For over 50 years Commando Comics has been filling the dreams of children, and some adults who perhaps should know better, with rifles, bayonets and heroic victory over the Nazis. The small, pocket-size editions have captured the imagination of generations through bold, vivid artwork and realistic, engaging stories. To honour half a century of the comics, The National Army Museum is exhibiting some of their finest works in 'Draw Your Weapons: The Art Of Commando Comics.'
In collaboration with DC Thomson, the comics' publisher, the museum has built an exhibition which not only pays respect to the high calibre of art shown through the 50 years of the publication, but also links the fictional stories to the real life adventures of British Commandos. Filmed interviews, artefacts and an array of photographs all play an important part in linking the comics to the real life heroics of the men who were their inspiration.
The exhibition also allows the comics a wider audience, Robert Fleming, Curator of Fine and Decorative Art at the Museum, explains how 'There has been a rise in the choice of entertainment in the past 20 years or so, and there is so much more choice than when Commando was at its peak in the '70s and '80s. But, it's picking up again, there is a nostalgia group, who read them as children, who are now reintoducing them to their own children.' The comics now sell 40 to 50,000 copies a month, a shade of its 1982 average of 750,000, but still an impressive figure an a heavily saturated and competitive market.
Fleming explained excitedly how at the exhibition's press launch, 'there was a queue of young children, of around ten, eleven years old.. they all had their favourite episodes and their favourite recurring characters.' Looking at the wider picture, this is promising in the world of comic books, even American giants Marvel and DC have been struggling to engage a young audience in such a way, Fleming puts Commando's success down to it's realistic roots, and educational ideals.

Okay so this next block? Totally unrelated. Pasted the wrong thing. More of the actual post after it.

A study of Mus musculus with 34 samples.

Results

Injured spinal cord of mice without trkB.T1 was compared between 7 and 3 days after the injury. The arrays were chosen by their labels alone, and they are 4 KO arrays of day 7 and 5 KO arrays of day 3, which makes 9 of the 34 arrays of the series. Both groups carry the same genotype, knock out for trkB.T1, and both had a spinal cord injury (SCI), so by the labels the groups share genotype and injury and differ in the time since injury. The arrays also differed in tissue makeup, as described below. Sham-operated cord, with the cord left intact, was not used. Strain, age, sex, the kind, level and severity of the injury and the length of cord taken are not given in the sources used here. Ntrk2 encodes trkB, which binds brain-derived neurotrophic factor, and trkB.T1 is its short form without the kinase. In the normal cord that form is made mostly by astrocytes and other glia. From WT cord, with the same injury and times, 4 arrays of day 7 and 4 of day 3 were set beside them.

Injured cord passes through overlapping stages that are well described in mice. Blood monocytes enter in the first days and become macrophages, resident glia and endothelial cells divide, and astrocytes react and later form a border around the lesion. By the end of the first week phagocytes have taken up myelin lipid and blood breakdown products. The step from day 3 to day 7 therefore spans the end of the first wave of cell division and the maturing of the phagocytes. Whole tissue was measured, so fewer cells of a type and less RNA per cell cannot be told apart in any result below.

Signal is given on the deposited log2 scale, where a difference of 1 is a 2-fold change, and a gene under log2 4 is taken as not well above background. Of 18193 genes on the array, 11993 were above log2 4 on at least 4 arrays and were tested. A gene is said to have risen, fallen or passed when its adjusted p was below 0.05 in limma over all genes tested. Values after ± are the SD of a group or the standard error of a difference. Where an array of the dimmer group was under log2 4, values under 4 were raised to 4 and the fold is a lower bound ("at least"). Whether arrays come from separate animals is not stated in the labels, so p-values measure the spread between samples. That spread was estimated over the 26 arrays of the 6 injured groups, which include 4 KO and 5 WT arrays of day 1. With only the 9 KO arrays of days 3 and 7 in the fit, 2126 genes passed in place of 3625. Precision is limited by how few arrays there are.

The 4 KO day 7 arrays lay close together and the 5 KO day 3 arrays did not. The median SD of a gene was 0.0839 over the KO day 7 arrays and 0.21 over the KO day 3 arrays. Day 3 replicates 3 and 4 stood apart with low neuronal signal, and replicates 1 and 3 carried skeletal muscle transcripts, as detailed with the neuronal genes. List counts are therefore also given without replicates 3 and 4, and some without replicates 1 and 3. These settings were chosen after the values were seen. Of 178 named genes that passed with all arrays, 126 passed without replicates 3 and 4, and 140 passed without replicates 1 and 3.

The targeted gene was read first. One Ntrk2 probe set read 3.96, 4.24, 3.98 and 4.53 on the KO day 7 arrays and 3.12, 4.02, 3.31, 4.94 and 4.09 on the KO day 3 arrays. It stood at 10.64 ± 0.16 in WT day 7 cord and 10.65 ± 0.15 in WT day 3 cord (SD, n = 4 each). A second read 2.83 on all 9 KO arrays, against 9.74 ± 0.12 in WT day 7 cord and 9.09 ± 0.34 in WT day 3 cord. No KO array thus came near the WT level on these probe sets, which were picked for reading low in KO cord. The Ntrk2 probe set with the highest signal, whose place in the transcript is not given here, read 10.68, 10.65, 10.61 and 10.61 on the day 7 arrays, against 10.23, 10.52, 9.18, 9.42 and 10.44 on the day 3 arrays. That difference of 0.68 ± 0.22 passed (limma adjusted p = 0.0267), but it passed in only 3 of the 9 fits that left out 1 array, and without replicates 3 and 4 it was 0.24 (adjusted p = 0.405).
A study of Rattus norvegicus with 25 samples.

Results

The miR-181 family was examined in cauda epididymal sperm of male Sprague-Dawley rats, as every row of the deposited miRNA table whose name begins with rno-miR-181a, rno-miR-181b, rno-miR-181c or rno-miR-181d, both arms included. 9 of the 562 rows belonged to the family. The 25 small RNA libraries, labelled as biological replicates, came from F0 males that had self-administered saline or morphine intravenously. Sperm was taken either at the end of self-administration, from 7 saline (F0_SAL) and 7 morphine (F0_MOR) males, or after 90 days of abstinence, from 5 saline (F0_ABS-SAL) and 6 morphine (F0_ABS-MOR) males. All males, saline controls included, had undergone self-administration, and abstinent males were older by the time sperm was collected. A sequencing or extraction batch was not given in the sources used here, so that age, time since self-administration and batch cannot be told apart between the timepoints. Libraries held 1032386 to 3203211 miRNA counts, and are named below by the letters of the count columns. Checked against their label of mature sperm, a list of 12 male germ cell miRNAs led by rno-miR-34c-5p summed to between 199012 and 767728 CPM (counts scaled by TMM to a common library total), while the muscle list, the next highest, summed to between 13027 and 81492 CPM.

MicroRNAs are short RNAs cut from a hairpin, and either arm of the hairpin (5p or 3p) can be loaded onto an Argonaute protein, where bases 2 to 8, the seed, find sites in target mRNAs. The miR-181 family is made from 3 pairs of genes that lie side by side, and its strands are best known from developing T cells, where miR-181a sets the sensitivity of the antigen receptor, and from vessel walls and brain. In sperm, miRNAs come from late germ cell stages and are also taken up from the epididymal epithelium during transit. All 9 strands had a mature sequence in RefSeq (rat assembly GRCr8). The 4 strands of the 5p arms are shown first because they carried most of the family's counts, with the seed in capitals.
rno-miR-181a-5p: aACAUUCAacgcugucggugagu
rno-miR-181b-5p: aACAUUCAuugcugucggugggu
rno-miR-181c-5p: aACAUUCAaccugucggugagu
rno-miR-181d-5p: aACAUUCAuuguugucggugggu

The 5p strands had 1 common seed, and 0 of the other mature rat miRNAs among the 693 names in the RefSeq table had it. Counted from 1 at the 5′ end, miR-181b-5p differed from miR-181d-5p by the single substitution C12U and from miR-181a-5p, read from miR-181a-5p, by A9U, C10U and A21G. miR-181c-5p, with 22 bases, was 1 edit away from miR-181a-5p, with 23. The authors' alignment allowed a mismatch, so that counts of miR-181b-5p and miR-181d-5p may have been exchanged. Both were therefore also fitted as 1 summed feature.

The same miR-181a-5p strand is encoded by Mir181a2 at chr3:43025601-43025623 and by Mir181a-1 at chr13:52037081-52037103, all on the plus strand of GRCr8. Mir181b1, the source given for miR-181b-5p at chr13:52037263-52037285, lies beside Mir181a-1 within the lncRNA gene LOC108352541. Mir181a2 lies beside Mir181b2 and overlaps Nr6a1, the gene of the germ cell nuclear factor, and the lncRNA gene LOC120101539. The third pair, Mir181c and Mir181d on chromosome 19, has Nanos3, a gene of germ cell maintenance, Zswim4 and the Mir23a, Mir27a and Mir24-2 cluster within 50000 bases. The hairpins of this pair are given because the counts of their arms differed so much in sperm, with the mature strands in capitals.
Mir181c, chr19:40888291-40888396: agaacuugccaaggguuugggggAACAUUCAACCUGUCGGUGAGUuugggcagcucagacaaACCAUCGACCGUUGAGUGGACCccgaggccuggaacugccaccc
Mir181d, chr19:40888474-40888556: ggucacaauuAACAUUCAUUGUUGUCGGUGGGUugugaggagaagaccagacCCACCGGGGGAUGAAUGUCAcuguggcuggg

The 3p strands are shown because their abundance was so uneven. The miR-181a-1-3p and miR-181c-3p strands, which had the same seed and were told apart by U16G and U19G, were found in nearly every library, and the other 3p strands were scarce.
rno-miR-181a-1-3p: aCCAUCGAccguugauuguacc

"It's so different from our other exhibitions, but we wanted to take a look at a genre of pop culture which was under-appreciated..."
"They hit on a really great idea, had a snappy title in 'Commando' and the stories, despite being fictional, are historically accurate, they have a realism and a grit to them. War is a serious subject with a sharp edge, but it's all done tastefully and realistically. They provide a really good introduction to military history." It is true that Commando provide a tasteful and credible realism to their tales. Whilst characters are often killed off, there is no gore or over-zealous violence, they provide genuine accounts of war without discrediting the armed forces with grisly and sensationalist portrayals. This was a style which Fleming was keen to capture through the exhibition:
"It's so different from our other exhibitions, but we wanted to take a look at a genre of pop culture which was under-appreciated in both literary and artistic terms, and also provided a different representation of the armed forces from our more sombre exhibitions"
50 years on Commando Comics still seems to be a roaring success amongst old and young alike, its exemplary artwork, digestable storylines and relatable characters seem to be timeless. Whether the narrative explores World War Two, The Falklands or something more avant-garde all together, the market still seems to be there for the comics. With the backing of people like Robert Fleming at the National Army Museum, perhaps the comics will continue to grow in stature and finally be given the wider respect that they deserve.
"They realistically express the range of emotions and tough decisions in combat, courage, cowardice, redemption, allowing the audience to relate to the characters." says Fleming "There's been a great reaction and there's still a really strong interest in this art form".
Here's to another 50 years of bayonets, cannons and Commando Comics.
Draw Your Weapons – The Art of Commando Comics – Opens 1 September 2011 at the National Army Museum.